Warm ocean currents attacking the underside of ice shelves are the dominant cause of recent ice loss from Antarctica, a new study using measurements from NASA's Ice, Cloud, and land Elevation Satellite (ICESat) revealed.
An international team of scientists used a combination of satellite measurements and models to differentiate between the two known causes of melting ice shelves: warm ocean currents thawing the underbelly of the floating extensions of ice sheets and warm air melting them from above. The finding, published today in the journal Nature, brings scientists a step closer to providing reliable projections of future sea level rise.
The researchers concluded that 20 of the 54 ice shelves studied are being melted by warm ocean currents. Most of these are in West Antarctica, where inland glaciers flowing down to the coast and feeding into these thinning ice shelves have accelerated, draining more ice into the sea and contributing to sea-level rise. This ocean-driven thinning is responsible for the most widespread and rapid ice losses in West Antarctica, and for the majority of Antarctic ice sheet loss during the study period.
"We can lose an awful lot of ice to the sea without ever having summers warm enough to make the snow on top of the glaciers melt," said the study's lead author Hamish Pritchard of the British Antarctic Survey in Cambridge, United Kingdom. "The oceans can do all the work from below."
To map the changing thickness of almost all the floating ice shelves around Antarctica, the team used a time series of 4.5 million surface height measurements taken by a laser instrument mounted on ICESat from October 2003 to October 2008. They measured how the ice shelf height changed over time and ran computer models to discard changes in ice thickness because of natural snow accumulation and compaction. The researchers also used a tide model that eliminated height changes caused by tides raising and lowering the ice shelves.
"This study demonstrates the power of space-based, laser altimetry for understanding Earth processes," said Tom Wagner, cryosphere program scientist at NASA Headquarters in Washington." Coupled with NASA's portfolio of other ice sheet research using data from our GRACE mission, satellite radars and aircraft, we get a comprehensive view of ice sheet change that improves estimates of sea level rise."
Previous studies used satellite radar data to measure the evolution of ice shelves and glaciers, but laser measurements are more precise in detecting changes in ice shelf thickness through time. This is especially true in coastal areas. Steeper slopes at the grounding line, where floating ice shelves connect with the landmass, cause problems for lower-resolution radar altimeters.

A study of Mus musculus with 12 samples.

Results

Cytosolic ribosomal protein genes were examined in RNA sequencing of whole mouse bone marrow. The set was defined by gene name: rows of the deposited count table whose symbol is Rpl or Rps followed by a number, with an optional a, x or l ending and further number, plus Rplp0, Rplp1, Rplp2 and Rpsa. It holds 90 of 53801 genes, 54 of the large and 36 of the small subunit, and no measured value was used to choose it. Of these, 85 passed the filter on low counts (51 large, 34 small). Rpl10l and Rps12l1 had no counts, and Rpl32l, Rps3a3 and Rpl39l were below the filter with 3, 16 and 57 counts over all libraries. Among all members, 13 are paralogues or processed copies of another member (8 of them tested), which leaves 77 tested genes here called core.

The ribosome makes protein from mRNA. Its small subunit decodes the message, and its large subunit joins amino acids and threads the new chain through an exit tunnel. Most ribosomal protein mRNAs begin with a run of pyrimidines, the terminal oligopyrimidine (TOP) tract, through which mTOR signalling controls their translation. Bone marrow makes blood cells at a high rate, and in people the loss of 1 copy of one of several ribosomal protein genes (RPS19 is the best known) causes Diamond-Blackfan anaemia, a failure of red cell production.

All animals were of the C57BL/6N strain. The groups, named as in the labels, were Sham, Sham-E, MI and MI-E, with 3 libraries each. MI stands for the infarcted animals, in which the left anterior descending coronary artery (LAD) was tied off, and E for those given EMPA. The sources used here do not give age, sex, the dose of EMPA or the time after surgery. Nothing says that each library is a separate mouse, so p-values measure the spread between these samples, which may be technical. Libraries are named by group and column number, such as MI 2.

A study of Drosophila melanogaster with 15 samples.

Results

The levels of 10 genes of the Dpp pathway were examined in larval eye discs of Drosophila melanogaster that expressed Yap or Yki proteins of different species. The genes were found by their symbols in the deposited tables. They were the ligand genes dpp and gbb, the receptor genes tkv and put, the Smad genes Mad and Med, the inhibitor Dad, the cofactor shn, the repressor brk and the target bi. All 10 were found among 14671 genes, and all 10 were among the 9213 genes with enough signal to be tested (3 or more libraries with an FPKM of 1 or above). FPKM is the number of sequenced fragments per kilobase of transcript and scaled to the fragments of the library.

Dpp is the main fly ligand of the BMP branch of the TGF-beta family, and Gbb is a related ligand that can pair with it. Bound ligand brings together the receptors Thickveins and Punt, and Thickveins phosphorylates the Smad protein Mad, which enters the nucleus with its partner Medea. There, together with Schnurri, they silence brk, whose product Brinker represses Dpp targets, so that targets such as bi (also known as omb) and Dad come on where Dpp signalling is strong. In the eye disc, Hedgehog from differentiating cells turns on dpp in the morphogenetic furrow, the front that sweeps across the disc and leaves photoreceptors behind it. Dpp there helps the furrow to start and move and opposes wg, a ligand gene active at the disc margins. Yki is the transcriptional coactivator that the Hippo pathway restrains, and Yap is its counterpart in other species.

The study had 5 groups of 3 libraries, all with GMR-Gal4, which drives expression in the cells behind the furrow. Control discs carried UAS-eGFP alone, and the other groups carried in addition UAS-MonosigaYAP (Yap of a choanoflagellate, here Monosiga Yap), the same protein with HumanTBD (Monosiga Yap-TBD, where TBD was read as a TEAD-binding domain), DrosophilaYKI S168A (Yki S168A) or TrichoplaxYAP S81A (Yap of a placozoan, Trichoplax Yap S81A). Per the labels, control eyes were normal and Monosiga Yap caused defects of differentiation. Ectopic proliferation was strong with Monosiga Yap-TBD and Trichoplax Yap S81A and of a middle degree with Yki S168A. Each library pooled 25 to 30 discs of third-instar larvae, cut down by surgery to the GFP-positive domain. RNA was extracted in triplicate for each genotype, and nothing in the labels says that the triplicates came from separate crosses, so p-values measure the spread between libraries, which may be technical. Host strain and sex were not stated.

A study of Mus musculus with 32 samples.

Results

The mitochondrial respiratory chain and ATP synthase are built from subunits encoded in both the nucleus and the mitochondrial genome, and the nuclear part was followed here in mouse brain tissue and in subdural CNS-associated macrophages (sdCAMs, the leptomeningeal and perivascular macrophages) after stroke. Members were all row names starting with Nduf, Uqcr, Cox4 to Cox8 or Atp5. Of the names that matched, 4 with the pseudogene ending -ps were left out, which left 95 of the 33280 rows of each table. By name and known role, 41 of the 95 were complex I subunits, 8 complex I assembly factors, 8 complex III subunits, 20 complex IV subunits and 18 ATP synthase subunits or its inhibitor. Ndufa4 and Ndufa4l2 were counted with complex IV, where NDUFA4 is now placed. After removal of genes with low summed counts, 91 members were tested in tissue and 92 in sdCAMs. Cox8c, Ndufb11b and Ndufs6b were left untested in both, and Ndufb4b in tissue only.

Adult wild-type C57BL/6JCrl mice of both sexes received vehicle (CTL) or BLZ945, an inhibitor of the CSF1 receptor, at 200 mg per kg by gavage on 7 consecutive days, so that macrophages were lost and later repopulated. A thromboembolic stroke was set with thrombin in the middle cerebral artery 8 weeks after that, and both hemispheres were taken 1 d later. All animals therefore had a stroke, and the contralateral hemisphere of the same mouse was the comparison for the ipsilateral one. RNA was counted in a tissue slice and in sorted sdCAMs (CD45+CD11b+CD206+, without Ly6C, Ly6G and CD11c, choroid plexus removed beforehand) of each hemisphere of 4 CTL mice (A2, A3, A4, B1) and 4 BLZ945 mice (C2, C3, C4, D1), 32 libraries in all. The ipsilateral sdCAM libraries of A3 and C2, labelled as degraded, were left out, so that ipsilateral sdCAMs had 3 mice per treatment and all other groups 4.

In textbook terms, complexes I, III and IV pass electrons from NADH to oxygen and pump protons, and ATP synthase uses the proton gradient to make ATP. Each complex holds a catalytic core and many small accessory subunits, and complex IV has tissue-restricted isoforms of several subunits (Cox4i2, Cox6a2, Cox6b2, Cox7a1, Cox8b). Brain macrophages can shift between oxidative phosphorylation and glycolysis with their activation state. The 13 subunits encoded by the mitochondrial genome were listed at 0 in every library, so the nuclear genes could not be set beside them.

ICESat was the first satellite specifically designed to use laser altimetry to study the Earth's polar regions. It operated from 2003 to 2009. Its successor, ICESat-2, is scheduled for launch in 2016.
"This study demonstrates the urgent need for ICESat-2 to get into space," said Jay Zwally, ICESat project scientist at NASA's Goddard Space Flight Center in Greenbelt, Md. "We have limited information on the changes in polar regions caused by climate change. Nothing can look at these changes like satellite measurements do."
The new research also links the observed increase in melting that occurs on the underside of a glacier or ice shelf, called basal melt, and glacier acceleration with changes in wind patterns.
"Studies have shown Antarctic winds have changed because of changes in climate," Pritchard said. "This has affected the strength and direction of ocean currents. As a result warm water is funnelled beneath the floating ice. These studies and our new results suggest Antarctica's glaciers are responding rapidly to a changing climate."
A different picture is seen on the Antarctic Peninsula, the long stretch of land pointing towards South America. The study found thinning of the largest ice shelf on the peninsula can be explained by warm summer winds directly melting the snow on the ice shelf surfaces. The patterns of widespread ocean-driven melting and summer melting on the Antarctic Peninsula can be attributed to changing wind patterns.
The study was carried out by an international team from the British Antarctic Survey, Utrecht University in Utrecht, Netherlands, the University of California in San Diego and the non-profit research institute Earth and Space Research in Corvallis, Ore.